Do you find our website user friendly?
Yes   No

The Link Between Obesity and Diabetes

Over 30 million Americans have diabetes, and about 1.5 million new cases are diagnosed annually, contributing to over a quarter-million deaths each year. Type 2 diabetes occurs when your body still manufactures insulin, but becomes resistant to its effects. About 80% of those with Type 2 diabetes are obese, so a connection between diabetes and obesity was long suspected, even though only a small portion of obese people ever develop diabetes.

Here’s what we at Wasatch Peak Family Practice want you to know about the link between obesity and diabetes.

The effects of high blood sugar

As your body becomes insulin-resistant, glucose levels in your blood start to rise. High blood sugar can damage blood vessels and nerves, and it results in wide-ranging damage to your body, such as heart and kidney issues, nerve damage in your feet, and vision issues that can lead to blindness.

Though the effects of blood sugar have long been understood, the reasons why insulin resistance develops only in some obese patients wasn’t known. A 2017 study by the University of Texas Southwestern discovered a previously unexpected issue with the delivery of insulin to muscle tissue.

Delivery of insulin

Insulin normally stimulates the cells of your body to accept blood glucose as the fuel on which cells run. Obesity causes chemical changes to components of the antibodies that circulate in your blood, protecting you from various infections. These changes to immunoglobulins interfere with an enzyme that’s critical to the transfer of insulin from bloodstream to muscle tissue.

Researchers found that injecting human immunoglobulins from a Type 2 diabetic into mice caused the mice to also become diabetic. The study also identified a way to block the chemical changes in mice, and work continues on a similar process for human trials. The breakthrough may lead to new ways to screen, prevent, or treat Type 2 diabetes.

The obesity risk factor

In the meantime, having a body mass index (BMI) of 30 or higher is the most significant risk factor for developing Type 2 diabetes. Chances of developing the condition are 80 times higher when compared to people with BMIs under 22.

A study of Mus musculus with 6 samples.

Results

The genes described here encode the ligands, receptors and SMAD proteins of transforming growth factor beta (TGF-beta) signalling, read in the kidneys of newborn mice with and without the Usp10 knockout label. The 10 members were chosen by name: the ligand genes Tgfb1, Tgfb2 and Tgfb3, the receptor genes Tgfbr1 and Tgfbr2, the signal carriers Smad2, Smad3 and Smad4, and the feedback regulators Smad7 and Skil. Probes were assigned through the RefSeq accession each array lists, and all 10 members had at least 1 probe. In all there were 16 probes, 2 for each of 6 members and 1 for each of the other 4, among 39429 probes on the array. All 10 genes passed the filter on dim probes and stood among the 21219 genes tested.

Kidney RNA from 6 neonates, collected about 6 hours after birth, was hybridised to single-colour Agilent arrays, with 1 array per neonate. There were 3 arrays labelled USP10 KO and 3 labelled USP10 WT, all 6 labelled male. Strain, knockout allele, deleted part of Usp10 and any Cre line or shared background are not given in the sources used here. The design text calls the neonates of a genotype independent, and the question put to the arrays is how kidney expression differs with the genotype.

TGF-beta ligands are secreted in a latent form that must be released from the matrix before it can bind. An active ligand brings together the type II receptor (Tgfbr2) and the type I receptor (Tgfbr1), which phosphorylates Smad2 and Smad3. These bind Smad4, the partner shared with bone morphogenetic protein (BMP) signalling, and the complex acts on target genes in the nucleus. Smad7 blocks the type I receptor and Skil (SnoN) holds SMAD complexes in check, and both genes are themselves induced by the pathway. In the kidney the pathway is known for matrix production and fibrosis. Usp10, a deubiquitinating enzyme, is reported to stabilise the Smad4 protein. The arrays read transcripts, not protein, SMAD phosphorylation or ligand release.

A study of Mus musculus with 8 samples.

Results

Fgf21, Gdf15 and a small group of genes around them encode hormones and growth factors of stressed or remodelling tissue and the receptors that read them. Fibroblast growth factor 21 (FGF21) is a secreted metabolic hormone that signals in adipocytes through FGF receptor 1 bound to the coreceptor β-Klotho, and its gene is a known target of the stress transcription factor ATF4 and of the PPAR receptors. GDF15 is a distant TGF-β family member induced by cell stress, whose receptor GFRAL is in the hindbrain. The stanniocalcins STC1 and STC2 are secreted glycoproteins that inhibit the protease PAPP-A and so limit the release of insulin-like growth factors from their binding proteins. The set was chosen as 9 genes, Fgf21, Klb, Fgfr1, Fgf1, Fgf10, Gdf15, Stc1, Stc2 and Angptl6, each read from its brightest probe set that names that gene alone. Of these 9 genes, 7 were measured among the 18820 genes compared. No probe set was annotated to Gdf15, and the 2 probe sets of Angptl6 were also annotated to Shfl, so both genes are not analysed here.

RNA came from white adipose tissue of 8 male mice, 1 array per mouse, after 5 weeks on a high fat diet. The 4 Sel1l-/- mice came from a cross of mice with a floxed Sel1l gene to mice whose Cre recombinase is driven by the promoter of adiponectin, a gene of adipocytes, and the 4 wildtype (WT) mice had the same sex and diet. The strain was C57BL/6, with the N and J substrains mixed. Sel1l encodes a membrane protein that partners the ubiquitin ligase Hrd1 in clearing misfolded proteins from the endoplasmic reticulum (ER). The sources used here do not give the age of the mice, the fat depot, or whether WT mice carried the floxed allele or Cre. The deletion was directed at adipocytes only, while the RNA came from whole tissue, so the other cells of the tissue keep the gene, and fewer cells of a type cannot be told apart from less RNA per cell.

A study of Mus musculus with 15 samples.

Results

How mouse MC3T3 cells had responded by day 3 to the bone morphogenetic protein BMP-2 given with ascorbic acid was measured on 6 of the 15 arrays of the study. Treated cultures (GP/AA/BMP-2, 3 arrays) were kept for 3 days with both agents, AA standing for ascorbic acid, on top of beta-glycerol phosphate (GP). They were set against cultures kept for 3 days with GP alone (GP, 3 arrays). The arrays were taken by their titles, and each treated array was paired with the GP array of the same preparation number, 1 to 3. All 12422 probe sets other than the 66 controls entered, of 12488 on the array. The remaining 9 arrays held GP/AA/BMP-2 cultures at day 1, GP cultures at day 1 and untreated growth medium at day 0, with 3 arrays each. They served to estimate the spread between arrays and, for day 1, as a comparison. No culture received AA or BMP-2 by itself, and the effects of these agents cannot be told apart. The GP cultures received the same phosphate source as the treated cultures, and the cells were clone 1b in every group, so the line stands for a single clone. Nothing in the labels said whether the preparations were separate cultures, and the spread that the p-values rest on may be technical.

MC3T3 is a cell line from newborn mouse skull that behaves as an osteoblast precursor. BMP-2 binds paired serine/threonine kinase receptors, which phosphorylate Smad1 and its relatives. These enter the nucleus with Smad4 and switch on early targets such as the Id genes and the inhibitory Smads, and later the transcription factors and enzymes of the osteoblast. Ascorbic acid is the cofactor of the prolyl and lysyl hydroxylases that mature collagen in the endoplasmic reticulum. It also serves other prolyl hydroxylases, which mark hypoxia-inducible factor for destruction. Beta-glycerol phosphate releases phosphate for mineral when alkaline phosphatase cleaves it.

Currently, the best strategy for Type 2 diabetes prevention is through weight loss prior to the start of insulin resistance. If you have prediabetes or diabetes, you can help control your blood sugar by reducing your body mass, though you may need medication as well to keep your blood sugar levels under control. 

It’s sometimes possible for prediabetics and diabetics to put the condition into remission with careful management.

Diabetes management

Because of the wide scope of effects of high blood sugar on your body, it’s common to develop a diabetes management team that may include your primary care physician and specialists like an internist, cardiologist, ophthalmologist, and foot care specialist to assure that you’re not suffering from the effects of high glucose levels.

Wasatch Peak Family Practice is the place to start if you’re newly diagnosed with Type 2 diabetes. Depending on the condition of your blood sugar, the Wasatch Peak team can help you develop a lifestyle program that aids insulin control and weight loss, supplementing these changes with medication as needed. Call the office or request an appointment online to book your consultation. Controlling your weight and Type 2 diabetes is possible, so get started today. 

You Might Also Enjoy...

5 Significant Benefits of Routine Physicals

Scheduling a routine physical is probably not high on your to-do list. However, there are significant health benefits to scheduling one every year. We share 5 reasons why you shouldn’t put it off.

5 Benefits of Primary Care

Should you see a primary care doctor? You bet! Learn the many health benefits of being part of a primary care practice.

Can Diabetes be Prevented?

Over 34 million Americans have diabetes, and 88 million have prediabetes. Learn how you can reduce your risk of developing this widespread and chronic disease.